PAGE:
Why Do I Get Painful Arches When I Run?

Why Do I Get painful arches when I run
There are tons of health benefits to regular running. However, consistent running can also lead to overuse-related injuries in the lower leg. One common pain site for runners is the bottom of the foot, also known as the arch.

Arch pain can be frustrating and make it feel impossible to keep up with your weekly mileage
goals. So you might be asking yourself, “Why do I get painful arches when I run?” Today, we will dive into the possibilities so that you can feel well informed the next time arch pain strikes and know what to do about it.

Causes of Arch Pain

Firstly, it’s important to note that if you’re experiencing frequent arch pain that you should get in touch with your doctor, podiatrist, or physical therapist. Thankfully, most underlying issues that cause painful arches can be conservatively treated if they’re addressed quickly before becoming a bigger problem that requires a long break from running, injections, or even surgery.

Three primary tissues can cause pain in the arch when damaged.

  • The connective tissue of the arch. Inflammation, swelling, and strain of the bottom of the foot can result in a condition known as plantar fasciitis. The most common symptom is to experience painful first steps when getting up in the morning.
  • Tendonitis. The tendon of the muscle known as the posterior tibialis (located behind the shin bone) provides direct support to the arch with walking and running. Inflammation and local damage can lead to a burning sensation in the bottom of the foot with weight-bearing activity.
  • Fracture. Repetitive stress to the metatarsal bones in the foot with higher-impact activities like running can result in a hairline fracture known as a stress fracture. If neglected, it can progress to a complete bone break as well.

Factors that Influence Arch Pain

While the tissues affected can vary (as illustrated above), a few primary factors can lead to arch pain. Which of the tissues is affected will ultimately depend on your unique strengths, weaknesses, and genetics. Keep these top factors in mind when trying to figure out how to get started with managing your pain:

  • Poor footwear. There are many running shoes to choose from depending on your running mechanics, foot alignment, and overall preferences. For example, someone with a flat arch will need additional support from their shoe than someone with stiff high arches. Choosing a shoe that doesn’t fit your particular needs or wearing worn-out shoes can lead to the onset of arch pain.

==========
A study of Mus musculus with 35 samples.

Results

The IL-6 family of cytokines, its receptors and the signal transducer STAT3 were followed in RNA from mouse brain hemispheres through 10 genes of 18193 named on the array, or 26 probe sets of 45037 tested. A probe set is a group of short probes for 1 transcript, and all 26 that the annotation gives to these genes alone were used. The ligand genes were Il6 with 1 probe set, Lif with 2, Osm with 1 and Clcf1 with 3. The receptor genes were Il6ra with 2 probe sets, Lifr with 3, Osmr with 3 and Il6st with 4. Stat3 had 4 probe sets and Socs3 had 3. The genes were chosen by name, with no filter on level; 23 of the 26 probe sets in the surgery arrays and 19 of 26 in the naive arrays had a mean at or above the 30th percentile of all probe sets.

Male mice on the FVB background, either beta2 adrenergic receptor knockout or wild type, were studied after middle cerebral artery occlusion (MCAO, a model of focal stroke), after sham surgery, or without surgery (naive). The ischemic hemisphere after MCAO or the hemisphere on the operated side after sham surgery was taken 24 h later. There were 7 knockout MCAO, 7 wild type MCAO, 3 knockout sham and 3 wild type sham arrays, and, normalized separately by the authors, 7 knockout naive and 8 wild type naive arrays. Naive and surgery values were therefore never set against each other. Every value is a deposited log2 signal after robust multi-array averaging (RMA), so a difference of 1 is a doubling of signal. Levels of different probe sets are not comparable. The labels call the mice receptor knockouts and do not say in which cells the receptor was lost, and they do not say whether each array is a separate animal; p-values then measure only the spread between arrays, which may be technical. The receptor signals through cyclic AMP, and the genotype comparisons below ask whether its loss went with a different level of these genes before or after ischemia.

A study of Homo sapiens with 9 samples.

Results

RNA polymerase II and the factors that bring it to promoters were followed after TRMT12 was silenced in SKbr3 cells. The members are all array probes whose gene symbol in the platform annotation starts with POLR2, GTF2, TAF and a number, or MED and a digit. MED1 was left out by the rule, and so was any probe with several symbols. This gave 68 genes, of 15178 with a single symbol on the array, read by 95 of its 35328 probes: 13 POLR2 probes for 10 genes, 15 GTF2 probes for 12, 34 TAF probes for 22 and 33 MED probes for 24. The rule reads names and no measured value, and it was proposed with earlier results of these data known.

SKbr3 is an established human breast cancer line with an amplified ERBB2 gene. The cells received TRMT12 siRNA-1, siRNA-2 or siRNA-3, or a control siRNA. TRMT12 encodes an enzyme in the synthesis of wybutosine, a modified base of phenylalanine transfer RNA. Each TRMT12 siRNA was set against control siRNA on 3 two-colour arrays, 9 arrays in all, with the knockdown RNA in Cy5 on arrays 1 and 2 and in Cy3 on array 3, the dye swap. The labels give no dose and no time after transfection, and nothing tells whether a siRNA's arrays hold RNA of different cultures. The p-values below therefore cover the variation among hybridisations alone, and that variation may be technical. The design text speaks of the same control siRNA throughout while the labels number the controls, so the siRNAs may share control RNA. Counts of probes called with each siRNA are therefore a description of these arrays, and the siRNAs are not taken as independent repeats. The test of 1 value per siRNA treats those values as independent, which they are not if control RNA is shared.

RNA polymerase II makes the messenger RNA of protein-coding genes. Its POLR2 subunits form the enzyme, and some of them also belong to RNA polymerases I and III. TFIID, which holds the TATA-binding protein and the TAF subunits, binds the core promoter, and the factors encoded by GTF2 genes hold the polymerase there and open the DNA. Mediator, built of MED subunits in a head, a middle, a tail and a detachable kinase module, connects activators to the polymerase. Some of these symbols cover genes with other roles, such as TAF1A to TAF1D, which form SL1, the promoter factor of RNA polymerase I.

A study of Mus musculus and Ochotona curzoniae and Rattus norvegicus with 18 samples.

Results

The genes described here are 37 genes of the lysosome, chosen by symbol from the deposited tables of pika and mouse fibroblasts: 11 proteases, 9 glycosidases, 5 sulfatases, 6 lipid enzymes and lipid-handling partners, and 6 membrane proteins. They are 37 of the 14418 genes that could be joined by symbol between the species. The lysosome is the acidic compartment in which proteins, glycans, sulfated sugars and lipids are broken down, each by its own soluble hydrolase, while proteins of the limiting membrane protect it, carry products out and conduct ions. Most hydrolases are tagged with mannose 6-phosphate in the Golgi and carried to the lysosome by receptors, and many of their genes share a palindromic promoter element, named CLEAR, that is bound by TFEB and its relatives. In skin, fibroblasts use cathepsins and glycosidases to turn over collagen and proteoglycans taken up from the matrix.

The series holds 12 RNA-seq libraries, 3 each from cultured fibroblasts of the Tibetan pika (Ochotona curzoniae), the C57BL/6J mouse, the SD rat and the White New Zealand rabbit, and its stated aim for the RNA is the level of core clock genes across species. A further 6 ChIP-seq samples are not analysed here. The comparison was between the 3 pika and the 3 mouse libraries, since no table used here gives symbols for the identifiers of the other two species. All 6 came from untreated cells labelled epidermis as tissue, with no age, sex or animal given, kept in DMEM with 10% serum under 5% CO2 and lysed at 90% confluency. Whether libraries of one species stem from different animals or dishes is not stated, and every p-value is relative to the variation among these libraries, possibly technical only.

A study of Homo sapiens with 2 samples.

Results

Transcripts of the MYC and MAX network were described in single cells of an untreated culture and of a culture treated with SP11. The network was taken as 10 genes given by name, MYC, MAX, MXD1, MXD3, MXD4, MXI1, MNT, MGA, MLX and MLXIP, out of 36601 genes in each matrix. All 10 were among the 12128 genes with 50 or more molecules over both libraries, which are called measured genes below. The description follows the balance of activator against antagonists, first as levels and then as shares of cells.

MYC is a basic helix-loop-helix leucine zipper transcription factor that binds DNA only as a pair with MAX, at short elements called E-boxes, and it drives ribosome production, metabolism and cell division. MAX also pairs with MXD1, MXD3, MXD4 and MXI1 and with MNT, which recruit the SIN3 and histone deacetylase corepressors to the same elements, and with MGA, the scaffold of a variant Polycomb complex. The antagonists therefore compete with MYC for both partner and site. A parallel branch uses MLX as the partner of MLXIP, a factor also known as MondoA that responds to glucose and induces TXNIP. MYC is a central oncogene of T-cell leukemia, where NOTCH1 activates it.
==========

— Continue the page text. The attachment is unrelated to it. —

• Stiff feet or ankles. Lack of mobility in the foot or ankle can impact the body’s ability to absorb impact with each running stride you take. Plus, it can affect your running mechanics too. This can quickly lead to strain on local tissues that leave you feeling sore.
  • Poor running mechanics. Whether you run on dirt trails, rubber rice, or a treadmill– the body does best when it moves in balance. If any muscle in the core or lower legs are weak, stiff, or uncoordinated, it can strain the low back, hips, knees, or feet. Thus, even if your feet are signaling pain, the actual imbalance may be coming from other parts of your body!
  • Increasing running intensity too quickly. This may be the most common running-related issue that results in injury: increasing mileage or cadence too quickly. This is particularly true with outdoor training on uneven trails or running uphill. Rapid changes don’t allow the body, in this case, the feet, time to adapt and adjust to the increased demands you are putting on it.

What You Can Do About Painful Arches

Now that you understand the factors involved in painful arches, it should feel pretty straightforward in getting started with a management plan that will finally ditch your arch pain. If your pain is moderate to severe, it is probably a good idea to take a few days (up to weeks) of rest to allow irritated tissues to heal. You can also add simple pain-relieving modalities that can boost your healing, like gentle stretching, ice, and foot massage.

After the initial rest period, you can decide the best course of action for your running needs. Most importantly, always make sure you start your running regime slowly and gradually increase intensity at no more than 10% per week (including distance, cadence, or total time). Finally, consider consulting a specialist, such as a physical therapist, to discuss the best options for you related to shoewear, completing a balanced exercise program, and fixing any issues with your running mechanics.

Don’t Ignore Your Arch Pain

You are experiencing arch pain for a reason. It’s always better to investigate and find a solution rather than ignore it until it becomes unbearable. The tips listed above are a great starting point for you to get rid of your arch pain once and for all.